I worked for Hans Zimmer for about 8 years, 5 of which were in a studio at Remote Control, his facility in Santa Monica. Since leaving Remote, many people have said to me, usually in a conspiratorial tone of voice, things like this: Hans doesn’t really write his own music. The studios only give him work because he’s famous. He’s not a real musician. He just gets his clients drunk and all the work is done by guys in the back room. And so forth.

The underlying implication is that this underhanded semi-musician has Hollywood in his thrall due to Svengali like powers and maybe, someday, they’ll wake up and hire a “real” composer – like whoever is whispering to me.

No other composer seems to stir up this kind of ire – I never hear people say, “Yeah, that John Williams only writes 12-line sketches and it’s up to his orchestrators to make it into real music!”

Well, I hate to break it to you, but Hans gets what he gets because…he deserves it.

Here is why:


In films there is a process called “spotting” in which the composer and director decide what kind of music is needed where. Hans is the best spotter I’ve ever observed. He has an extraordinary sense of what will work. But long before spotting, he will spend weeks writing a suite which is the source of the musical themes of the film. Oddly, this isn’t really about music – it’s about the essence of what the story and the characters are. Film composer great Elmer Bernstein (Magnificent Seven, To Kill A Mockingbird) once said to me, “The dirty little secret is that we’re not musicians – we’re dramatists.” Hans is an outstanding dramatist.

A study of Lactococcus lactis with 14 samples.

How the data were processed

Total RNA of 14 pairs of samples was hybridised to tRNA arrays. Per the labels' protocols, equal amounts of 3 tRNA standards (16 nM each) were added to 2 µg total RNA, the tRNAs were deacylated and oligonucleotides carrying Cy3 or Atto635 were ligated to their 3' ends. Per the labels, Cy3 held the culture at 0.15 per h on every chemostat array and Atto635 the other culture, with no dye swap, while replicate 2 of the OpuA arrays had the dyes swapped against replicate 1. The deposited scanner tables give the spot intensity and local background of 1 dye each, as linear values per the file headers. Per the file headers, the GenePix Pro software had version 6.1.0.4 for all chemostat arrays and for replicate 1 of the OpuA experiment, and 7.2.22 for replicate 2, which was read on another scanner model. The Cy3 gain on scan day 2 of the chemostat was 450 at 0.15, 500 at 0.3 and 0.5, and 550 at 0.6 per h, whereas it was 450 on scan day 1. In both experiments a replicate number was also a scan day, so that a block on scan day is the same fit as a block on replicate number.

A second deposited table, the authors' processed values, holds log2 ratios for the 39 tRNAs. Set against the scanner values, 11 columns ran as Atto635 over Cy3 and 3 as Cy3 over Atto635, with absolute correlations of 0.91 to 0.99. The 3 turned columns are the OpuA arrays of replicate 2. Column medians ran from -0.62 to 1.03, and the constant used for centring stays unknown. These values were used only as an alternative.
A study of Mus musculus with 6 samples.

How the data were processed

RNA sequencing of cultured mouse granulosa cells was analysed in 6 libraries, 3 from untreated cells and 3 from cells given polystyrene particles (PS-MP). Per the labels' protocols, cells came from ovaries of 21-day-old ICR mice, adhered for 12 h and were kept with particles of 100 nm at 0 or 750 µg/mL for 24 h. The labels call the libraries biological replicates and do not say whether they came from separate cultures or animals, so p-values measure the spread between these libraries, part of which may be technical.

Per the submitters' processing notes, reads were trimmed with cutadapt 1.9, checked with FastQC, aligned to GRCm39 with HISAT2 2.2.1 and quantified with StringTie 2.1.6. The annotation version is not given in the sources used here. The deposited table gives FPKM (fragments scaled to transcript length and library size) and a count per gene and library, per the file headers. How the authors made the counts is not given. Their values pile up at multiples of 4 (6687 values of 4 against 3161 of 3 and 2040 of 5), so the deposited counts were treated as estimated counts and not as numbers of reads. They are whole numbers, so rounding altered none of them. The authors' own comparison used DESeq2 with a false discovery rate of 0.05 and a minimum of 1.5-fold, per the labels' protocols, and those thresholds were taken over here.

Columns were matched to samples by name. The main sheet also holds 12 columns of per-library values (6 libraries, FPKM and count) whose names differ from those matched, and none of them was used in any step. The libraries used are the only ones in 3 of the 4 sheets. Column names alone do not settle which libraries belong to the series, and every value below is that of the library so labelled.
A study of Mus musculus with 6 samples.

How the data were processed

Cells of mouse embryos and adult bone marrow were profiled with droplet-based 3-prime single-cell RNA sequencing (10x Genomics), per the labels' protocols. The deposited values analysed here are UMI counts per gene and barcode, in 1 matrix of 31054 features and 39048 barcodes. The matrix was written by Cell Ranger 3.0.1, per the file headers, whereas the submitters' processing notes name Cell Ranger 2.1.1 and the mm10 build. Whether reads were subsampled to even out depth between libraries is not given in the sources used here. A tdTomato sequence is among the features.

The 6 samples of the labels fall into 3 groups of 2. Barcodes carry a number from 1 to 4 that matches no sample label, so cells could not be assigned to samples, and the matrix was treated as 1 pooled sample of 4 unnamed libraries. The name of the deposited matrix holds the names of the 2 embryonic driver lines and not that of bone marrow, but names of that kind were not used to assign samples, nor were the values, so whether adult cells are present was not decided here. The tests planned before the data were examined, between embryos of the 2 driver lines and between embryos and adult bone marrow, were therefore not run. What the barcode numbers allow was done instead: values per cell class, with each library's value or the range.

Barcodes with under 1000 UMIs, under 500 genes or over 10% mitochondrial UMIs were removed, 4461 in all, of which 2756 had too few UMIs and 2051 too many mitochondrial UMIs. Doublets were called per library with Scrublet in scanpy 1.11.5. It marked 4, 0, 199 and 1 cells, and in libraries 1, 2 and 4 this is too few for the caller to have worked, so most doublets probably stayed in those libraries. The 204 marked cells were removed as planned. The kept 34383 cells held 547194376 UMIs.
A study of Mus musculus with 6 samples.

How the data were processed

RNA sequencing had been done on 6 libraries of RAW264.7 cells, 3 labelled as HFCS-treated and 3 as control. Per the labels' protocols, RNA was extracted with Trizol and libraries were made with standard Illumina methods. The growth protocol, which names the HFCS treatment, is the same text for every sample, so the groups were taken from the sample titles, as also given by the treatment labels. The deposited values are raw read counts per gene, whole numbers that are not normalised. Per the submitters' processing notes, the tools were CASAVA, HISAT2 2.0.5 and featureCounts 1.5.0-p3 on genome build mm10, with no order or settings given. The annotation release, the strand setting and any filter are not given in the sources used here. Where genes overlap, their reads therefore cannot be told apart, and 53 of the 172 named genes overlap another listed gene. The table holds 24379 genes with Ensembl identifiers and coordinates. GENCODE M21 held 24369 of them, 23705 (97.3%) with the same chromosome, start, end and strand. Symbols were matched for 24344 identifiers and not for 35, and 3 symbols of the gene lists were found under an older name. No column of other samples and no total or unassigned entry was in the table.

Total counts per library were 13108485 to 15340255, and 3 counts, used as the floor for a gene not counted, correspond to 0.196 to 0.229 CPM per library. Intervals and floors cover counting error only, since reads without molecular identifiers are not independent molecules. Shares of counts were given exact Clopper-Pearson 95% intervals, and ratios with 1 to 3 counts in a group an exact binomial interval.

But he also fearlessly pushes himself, challenging the limits of what is acceptable in our medium. In Batman: Dark Knight, long before we had footage of the film, Hans asked Heitor Pereira (guitar), Martin Tillman (cello), and me (violin and tenor violin) to separately record some variations on a set of instructions involving 2 notes, C and D. This involved a fair amount of interpretation! For those who are familiar with classical music, it was John Cage meets Phil Glass. We each spent a week making hundreds of snippets. Then we had to listen to each other’s work and re-interpret that. The end result was a toolbox of sounds that provided Hans with the attitude of his score.

Later, he asked me to double every ostinato (repeating phrase) pattern the violins and violas played. There were a LOT. And a great studio orchestra had already played them all! I spent a week on what I considered an eccentric fool’s errand, providing score mixer, Alan Meyerson, with single, double, and triple pass versions of huge swaths of the score. Months later, I joked with him about how “useful” my efforts had been. Alan told me that, actually, they had turned out to be a crucial element of the score, that he often pulled out the orchestra and went to my performances when something needed to be edgy or raw.

The video below shows something from Man of Steel. Hans assembled a room full of great trap set drummers to play the same groove at the same time, each with tiny variations. Is it a stunt? Maybe. But does it deliver a sound you’ve never quite heard before? Definitely.


When working on a project – which is most of the time – Hans usually arrives at the studio at 11 am and then works until 3 or 4 in the morning. 7 days a week. For months. As the deadline approaches, everything else fades away. Harry Gregson-Williams once told me you could tell how far into a project Hans was by the length of his beard – at some point, he stops shaving.

His late-night hours provide welcome relief from badgering studios and the noise of running a business. They proved to be a challenge to my metabolism when I was getting up at 6 a.m. to go to yoga. Which leads me to a the title of another post, “Never Keep Different Hours Than Your Boss.” But I digress.

Hans is not as fast as his one-time assistant, Harry, or his current go-to arranger, Lorne Balfe, both of whom work at superhuman speed. Hans once suggested that I worked too fast. I was puzzled at the time, but what I think he was really saying was that I needed to pay better attention to the little details that, cumulatively, make all the difference.